Depression and mortality in a longitudinal study: 1952–2011


BACKGROUND:

Many studies have shown that depression increases mortality risk. We aimed to investigate the duration of time over which depression is associated with increased risk of mortality, secular trends in the association between depression and mortality, and sex differences in the association between depression and mortality.

METHODS:

We conducted a cohort study of 3410 adults enrolled in 3 representative samples of a county in Atlantic Canada in 1952 (n = 1003), 1970 (n = 1203) or 1992 (n = 1402) (the Stirling County Study). Depression was measured using a diagnostic algorithm based on the presence of depressed mood and associated symptoms, duration of more than 1 month, and substantial impairment. Vital status of participants through 2011 was determined using probabilistic linkages to the Canadian Mortality Database.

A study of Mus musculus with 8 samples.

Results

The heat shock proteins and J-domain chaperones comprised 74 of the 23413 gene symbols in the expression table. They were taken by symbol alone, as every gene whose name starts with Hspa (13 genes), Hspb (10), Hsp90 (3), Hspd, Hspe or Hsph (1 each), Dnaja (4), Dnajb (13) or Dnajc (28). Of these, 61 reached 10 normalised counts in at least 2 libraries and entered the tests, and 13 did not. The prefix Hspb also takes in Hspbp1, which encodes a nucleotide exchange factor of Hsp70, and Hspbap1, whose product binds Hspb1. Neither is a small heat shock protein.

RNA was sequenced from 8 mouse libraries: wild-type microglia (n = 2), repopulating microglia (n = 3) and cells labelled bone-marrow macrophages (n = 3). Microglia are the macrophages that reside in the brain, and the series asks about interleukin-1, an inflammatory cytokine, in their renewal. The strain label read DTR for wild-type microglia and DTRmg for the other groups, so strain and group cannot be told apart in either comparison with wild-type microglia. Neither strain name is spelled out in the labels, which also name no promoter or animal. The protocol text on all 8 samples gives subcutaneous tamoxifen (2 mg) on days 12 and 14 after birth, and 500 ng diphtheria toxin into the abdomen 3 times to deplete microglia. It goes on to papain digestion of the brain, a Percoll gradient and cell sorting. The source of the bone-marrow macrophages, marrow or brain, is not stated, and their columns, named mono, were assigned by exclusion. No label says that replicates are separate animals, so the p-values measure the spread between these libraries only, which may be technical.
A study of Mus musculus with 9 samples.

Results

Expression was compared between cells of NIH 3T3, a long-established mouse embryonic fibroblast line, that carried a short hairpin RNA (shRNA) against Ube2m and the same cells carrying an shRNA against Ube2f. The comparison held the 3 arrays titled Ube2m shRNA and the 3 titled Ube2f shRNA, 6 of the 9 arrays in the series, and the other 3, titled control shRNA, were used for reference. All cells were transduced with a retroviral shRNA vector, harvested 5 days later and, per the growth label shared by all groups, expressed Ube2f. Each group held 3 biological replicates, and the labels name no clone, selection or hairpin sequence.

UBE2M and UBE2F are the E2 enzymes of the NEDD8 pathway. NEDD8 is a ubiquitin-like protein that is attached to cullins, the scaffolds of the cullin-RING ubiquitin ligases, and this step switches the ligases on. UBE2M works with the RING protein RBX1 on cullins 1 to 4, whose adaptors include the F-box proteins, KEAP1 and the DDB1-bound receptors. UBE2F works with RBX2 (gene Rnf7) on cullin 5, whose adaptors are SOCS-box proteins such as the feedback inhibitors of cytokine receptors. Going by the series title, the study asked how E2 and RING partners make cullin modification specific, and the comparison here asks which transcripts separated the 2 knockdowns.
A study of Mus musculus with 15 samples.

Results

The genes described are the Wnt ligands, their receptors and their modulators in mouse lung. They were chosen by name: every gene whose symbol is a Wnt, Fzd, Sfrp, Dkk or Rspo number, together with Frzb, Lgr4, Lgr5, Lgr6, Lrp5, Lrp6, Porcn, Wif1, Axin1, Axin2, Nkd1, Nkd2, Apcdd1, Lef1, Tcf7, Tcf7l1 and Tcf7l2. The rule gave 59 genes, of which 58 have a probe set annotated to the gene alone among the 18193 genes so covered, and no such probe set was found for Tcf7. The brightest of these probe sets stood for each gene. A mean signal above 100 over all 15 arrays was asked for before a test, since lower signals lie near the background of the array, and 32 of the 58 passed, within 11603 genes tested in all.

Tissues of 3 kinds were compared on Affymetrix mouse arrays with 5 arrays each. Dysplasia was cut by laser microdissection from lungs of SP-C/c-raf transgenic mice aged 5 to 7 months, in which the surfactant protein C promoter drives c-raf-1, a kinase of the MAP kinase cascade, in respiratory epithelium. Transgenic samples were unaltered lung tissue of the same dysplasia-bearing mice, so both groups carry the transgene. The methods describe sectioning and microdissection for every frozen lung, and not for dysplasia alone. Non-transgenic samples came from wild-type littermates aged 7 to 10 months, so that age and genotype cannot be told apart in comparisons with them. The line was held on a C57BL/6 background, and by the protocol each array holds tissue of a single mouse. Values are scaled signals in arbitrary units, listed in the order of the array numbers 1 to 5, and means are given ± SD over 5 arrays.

RESULTS:

Depression was associated with a heightened risk of mortality among men during the 3 time periods of the study, with hazard ratios (HRs) of 2.90 (95% confidence interval [CI] 1.69–4.98) between 1952 and 1967, 1.97 (CI 1.34–2.89) between 1968 and 1990, and 1.52 (CI 1.09–2.13) between 1991 and 2011. Elevated risk of mortality was noted among women only between 1990 and 2011 (HR = 1.51; CI = 1.11–2.05).

INTERPRETATION:

The association between depression and mortality persists over long periods of time and has emerged among women in recent decades, despite contemporaneous improvements in the treatment of depression and reduction of stigma associated with depression. Further research is needed to better understand the mechanisms involved.